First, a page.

Fred Fenster’s home and studio are in the town of Sun Prairie, 20 miles outside of Madison, Wisconsin. In a rural setting surrounded by acres of cornfields is the simple residence that was once the Goldenrod Cheese factory. According to Fenster, “as soon as I saw the basement, I wanted the house”.

Fred Fenster’s home and studio in Sun Prairie, Wisconsin, 2004
Photo: Donald Friedlich

With barely a square inch unoccupied, Fenster’s studio is tightly packed into that basement space. The setup reflects the breadth of his love affair with metal, with areas designated for spinning and other lathe work, forming, raising, fabrication, soldering, annealing, and polishing. He has a huge selection of hammers and stakes displayed on the wall. There’s even a shower, in case work gets especially messy.

Over the years, Fenster’s work has ranged from jewelry to holloware and flatware, to liturgical objects. He is at ease with gold but works more often in sterling or pewter. Today, more of his time is spent on commissions for Judaica and holloware than on jewelry. No matter what the material or technique, however, it is abundantly clear from looking at the shop and his work that the man really knows how to move metal.

The artist at his lathe, 2004
Photo: Donald Friedlich

Fenster’s work falls comfortably into the modernist tradition. The eye travels the outside perimeter of the clean, graceful lines of his elegant forms, and is then seamlessly coaxed into exploring the body of the piece. Superfluous decoration that would interrupt this flow is seldom added. No extra icing on the cake; less is more.

When a piece is intended to be functional, it’s important to him that it function well, that a teapot pour properly and not dribble, that hinges move smoothly and lids fit snugly. Forms are usually geometric and occasionally organic. Sometimes the two are juxtaposed within one piece. While it’s hard to say that form always follows function in his work, no matter which comes first, a sensitivity to both is always present.


These cups are used in Jewish temples and homes to celebrate the Sabbath and other occasions through the ritual drinking of wine. Fenster very cleverly uses scoring and bending so that a Star of David seems to grow naturally right out of the foot of the glass. He then surprises the viewer with a second star, less immediately apparent, at the bottom of the cup’s bowl. This star is first seen on the outside of the bowl as an unrecognizable abstract form. It’s only visible as a star when the inside of the cup is viewed directly from the top, as one would while filling the glass with wine.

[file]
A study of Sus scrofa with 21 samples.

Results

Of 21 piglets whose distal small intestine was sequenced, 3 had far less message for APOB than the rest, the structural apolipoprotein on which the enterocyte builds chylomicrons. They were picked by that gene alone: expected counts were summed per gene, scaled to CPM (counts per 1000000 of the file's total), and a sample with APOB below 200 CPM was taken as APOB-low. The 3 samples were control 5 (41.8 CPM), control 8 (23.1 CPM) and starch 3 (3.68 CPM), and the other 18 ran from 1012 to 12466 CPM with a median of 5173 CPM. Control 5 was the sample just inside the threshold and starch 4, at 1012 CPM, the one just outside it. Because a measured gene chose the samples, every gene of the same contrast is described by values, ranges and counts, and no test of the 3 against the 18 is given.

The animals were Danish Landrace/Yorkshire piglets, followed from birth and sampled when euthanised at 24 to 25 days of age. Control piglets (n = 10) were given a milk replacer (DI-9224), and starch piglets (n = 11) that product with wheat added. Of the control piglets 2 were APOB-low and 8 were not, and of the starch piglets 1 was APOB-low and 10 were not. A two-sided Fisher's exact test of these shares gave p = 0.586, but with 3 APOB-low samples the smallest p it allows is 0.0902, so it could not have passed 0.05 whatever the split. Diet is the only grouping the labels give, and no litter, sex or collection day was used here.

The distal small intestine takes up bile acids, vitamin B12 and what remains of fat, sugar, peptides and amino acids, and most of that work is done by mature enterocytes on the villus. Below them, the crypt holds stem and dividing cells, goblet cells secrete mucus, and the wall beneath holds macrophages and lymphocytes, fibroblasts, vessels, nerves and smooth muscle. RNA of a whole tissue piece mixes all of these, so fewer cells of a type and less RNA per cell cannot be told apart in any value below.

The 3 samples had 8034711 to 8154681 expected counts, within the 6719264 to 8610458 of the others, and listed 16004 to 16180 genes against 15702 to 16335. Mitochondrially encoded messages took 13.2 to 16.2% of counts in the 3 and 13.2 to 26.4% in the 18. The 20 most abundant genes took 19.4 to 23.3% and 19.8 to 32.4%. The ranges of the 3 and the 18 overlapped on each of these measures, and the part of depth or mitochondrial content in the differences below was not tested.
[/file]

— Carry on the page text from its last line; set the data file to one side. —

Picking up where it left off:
Kiddush Cup, 2001
Height 8 1/2″

After a period as an Industrial Arts teacher in New York, Fenster went to graduate school and received his MFA from Cranbrook Academy in 1960. He attended Cranbrook with Stanley Lechtzin and Michael Jerry and counts both classmates as important figures in his development. In 1962, he began teaching at the University of Wisconsin in Madison. A gifted and dedicated educator, Fenster plans to retire at the end of the 2004/2005 academic year after 43 years at the university.

During his tenure, he has shaped several generations of American metalsmiths to approach their work with professionalism and skill. After all those years, he still brings remarkable energy and passion to his teaching He has also been very active on the workshop circuit, usually teaching holloware or pewter techniques. This past summer he taught at the Appalachian Craft Center, Penland School of Crafts and at Tainan College of Art in Taiwan. His extensive travels and teaching bely his shy and reclusive nature. At the end of a long day of social contact at school, he is happy to come home to a quiet and secluded shop. It is here that he seems most at ease.

Teapot, 2004
Pewter, 8 x 8 x 10″

Fenster is an avid junker and frequently attends flea markets looking for unusual or bargain tools. He calls the flea markets “outdoor museums” and says he “junks to learn.” This attitude is apparent in both the quantity and quality of tools in his studio. His approach to learning is an active one that requires time, curiosity, and a continuing drive to enrich his already extensive knowledge of his chosen material.